My creative juices have been flowing at all time high speeds these days. It may be that I didn't do much creating for the last two years or perhaps my amazingly organized craft room but regardless, it feels great to whip up some new things! The newest of my creations is a line of 1" necklaces featuring some awesome canadian mammals! Here's the most canadian of all the creatures - beaver!:
Isn't he darling on top of his little dam? And the animal cuteness doesn't stop there - check out a wide selection of other canadian furry creatures:
Yeah! You can use all your wildlife recognition skills for this picture right? Even with the two species of bears, deer, and squirrel? What fun! Ok. So I mislead you a bit with the mammal thing. Owls and gulls are indeed not mammals - but the majority of them are so I figure that counts. Plus that owl is trying to eat a mammal? Yup - a bit of a stretch but I'm sticking with it. Boy do I ever love these. Heck - I even think the back of the pendants look cool:
I'm happy to report that these beauties are lead and nickel free with a nice coating of silver to avoid all your sensitive skin woes - and to top the whole thing off there is a generous long chain if you (like myself) dig the long pendant look:
Obviously these are easy enough to make shorter as well - but I feel the long chain sort of goes with the whole nature, free spirited thing.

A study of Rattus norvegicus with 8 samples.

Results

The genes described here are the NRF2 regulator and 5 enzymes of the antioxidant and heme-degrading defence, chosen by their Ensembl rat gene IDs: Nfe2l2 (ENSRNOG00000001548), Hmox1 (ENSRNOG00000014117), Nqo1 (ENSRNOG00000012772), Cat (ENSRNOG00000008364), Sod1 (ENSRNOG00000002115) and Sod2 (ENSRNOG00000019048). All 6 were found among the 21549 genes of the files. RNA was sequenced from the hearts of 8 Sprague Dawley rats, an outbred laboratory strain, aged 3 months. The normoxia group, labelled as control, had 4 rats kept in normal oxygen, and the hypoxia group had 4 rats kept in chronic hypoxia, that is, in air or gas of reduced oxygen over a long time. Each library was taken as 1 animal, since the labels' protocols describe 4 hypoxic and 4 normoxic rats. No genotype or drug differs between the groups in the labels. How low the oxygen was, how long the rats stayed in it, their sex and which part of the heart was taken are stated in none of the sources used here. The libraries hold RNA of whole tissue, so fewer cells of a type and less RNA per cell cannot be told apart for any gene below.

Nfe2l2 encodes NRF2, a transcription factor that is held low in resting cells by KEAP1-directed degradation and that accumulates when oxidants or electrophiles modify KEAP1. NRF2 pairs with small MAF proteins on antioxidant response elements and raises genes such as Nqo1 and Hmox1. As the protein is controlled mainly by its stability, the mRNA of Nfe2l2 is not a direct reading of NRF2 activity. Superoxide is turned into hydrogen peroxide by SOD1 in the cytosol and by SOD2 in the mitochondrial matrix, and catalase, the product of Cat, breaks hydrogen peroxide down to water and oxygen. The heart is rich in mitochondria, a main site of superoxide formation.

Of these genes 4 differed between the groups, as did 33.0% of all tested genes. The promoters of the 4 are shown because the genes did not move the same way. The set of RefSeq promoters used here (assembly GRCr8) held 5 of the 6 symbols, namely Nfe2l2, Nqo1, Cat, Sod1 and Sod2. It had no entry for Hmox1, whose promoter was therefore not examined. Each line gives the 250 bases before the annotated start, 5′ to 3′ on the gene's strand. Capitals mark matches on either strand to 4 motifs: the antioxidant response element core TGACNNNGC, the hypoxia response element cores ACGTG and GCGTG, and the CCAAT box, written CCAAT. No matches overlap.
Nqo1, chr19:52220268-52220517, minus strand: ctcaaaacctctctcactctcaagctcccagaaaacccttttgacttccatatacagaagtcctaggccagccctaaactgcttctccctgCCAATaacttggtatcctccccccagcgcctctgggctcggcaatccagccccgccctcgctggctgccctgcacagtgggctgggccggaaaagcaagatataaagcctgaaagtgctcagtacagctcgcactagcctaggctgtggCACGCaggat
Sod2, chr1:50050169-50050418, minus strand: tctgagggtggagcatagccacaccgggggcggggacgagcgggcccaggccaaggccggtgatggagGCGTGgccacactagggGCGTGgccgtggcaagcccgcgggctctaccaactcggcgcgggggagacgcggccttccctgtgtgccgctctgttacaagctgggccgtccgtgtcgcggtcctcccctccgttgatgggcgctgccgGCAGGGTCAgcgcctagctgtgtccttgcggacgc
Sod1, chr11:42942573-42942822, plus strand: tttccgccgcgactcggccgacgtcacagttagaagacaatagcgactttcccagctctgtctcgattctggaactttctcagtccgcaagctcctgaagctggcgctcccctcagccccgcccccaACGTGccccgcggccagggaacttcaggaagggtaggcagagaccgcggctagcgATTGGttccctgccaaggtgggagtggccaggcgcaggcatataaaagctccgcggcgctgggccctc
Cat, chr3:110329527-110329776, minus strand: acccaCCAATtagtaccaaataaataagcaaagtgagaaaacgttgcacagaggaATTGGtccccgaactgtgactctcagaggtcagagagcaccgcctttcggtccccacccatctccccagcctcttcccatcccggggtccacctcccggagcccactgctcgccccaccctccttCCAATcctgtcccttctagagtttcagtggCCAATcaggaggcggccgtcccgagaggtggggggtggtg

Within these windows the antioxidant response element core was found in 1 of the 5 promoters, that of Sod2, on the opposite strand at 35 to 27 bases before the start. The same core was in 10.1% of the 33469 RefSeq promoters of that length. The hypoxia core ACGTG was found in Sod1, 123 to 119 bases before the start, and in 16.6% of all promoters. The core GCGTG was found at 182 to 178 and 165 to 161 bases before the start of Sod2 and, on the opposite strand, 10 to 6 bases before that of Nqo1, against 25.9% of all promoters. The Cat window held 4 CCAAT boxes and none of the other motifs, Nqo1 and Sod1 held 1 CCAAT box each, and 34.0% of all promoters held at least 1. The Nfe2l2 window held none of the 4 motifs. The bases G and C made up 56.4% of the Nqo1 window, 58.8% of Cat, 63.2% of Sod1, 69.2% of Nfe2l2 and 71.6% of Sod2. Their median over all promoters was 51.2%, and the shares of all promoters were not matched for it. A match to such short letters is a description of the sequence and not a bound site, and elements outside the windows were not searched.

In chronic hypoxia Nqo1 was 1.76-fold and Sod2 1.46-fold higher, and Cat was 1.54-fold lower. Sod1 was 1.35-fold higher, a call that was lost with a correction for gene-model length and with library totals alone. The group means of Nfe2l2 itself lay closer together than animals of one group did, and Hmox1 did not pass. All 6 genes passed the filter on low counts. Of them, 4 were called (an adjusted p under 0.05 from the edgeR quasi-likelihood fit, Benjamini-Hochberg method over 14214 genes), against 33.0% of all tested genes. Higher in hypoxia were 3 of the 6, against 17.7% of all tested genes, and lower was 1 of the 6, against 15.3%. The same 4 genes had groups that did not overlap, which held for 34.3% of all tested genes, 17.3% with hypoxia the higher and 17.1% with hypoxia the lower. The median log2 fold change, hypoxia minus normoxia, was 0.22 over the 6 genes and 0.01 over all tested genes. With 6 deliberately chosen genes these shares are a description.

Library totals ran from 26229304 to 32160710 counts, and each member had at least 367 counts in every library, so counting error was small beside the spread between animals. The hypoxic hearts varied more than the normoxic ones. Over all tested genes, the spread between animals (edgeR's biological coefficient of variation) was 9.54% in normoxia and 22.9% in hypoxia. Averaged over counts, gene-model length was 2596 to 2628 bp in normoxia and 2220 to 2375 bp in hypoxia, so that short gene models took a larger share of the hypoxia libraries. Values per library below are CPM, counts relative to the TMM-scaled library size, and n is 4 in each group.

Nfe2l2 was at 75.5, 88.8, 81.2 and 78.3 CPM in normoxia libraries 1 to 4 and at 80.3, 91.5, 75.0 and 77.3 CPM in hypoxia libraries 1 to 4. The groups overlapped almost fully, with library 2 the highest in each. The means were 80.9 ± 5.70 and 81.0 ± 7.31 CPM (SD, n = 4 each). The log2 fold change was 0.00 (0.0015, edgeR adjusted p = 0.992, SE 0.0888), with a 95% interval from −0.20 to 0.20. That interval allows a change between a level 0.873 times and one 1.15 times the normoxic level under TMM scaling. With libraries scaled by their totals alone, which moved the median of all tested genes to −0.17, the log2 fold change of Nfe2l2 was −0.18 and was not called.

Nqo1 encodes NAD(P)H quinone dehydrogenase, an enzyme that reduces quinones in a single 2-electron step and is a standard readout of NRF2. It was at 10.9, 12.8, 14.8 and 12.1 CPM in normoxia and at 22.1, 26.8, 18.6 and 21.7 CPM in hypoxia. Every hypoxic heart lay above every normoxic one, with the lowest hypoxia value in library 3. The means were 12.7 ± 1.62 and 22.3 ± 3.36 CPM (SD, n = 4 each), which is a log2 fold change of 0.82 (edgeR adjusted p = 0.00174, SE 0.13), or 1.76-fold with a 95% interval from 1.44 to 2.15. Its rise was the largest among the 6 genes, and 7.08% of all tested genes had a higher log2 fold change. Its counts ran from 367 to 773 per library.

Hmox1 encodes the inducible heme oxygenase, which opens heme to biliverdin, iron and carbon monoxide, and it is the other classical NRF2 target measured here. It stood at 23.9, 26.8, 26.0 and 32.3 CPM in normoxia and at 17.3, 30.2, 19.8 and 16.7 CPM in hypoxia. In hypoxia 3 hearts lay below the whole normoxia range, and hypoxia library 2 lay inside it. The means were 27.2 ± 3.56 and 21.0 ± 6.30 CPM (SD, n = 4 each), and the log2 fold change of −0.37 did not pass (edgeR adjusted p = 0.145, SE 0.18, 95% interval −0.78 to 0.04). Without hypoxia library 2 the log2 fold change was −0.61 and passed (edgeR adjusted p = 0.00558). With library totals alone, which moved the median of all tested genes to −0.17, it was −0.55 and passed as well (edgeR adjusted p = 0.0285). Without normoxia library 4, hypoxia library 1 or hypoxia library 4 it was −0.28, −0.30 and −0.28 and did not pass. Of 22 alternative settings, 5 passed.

So how did I come up with the designs you may wonder? With a ridiculously enormous amount of work of course! I started with rough images from a magnificent 1927 wildlife book from my Grandpa's farm and after a lot of high res scanning I did many (many) hours of digital drawing. Once I got the little dudes to a nice spot, I added some colour blocking to the backgrounds and bam! Time to print, coat, cover, paint, and bezel up those images into their final homes inside those necklaces. Whew! It did end up being way more work than I originally thought it would but on the plus side I am mastering my photoshop skills and potentially peeking the interest of the masses to start studying wildlife biology of Canada! Hooray! Go science!
So what are your thoughts? Anyone out there brave enough to correctly identify all those lovely little creatures? Who is your favourite?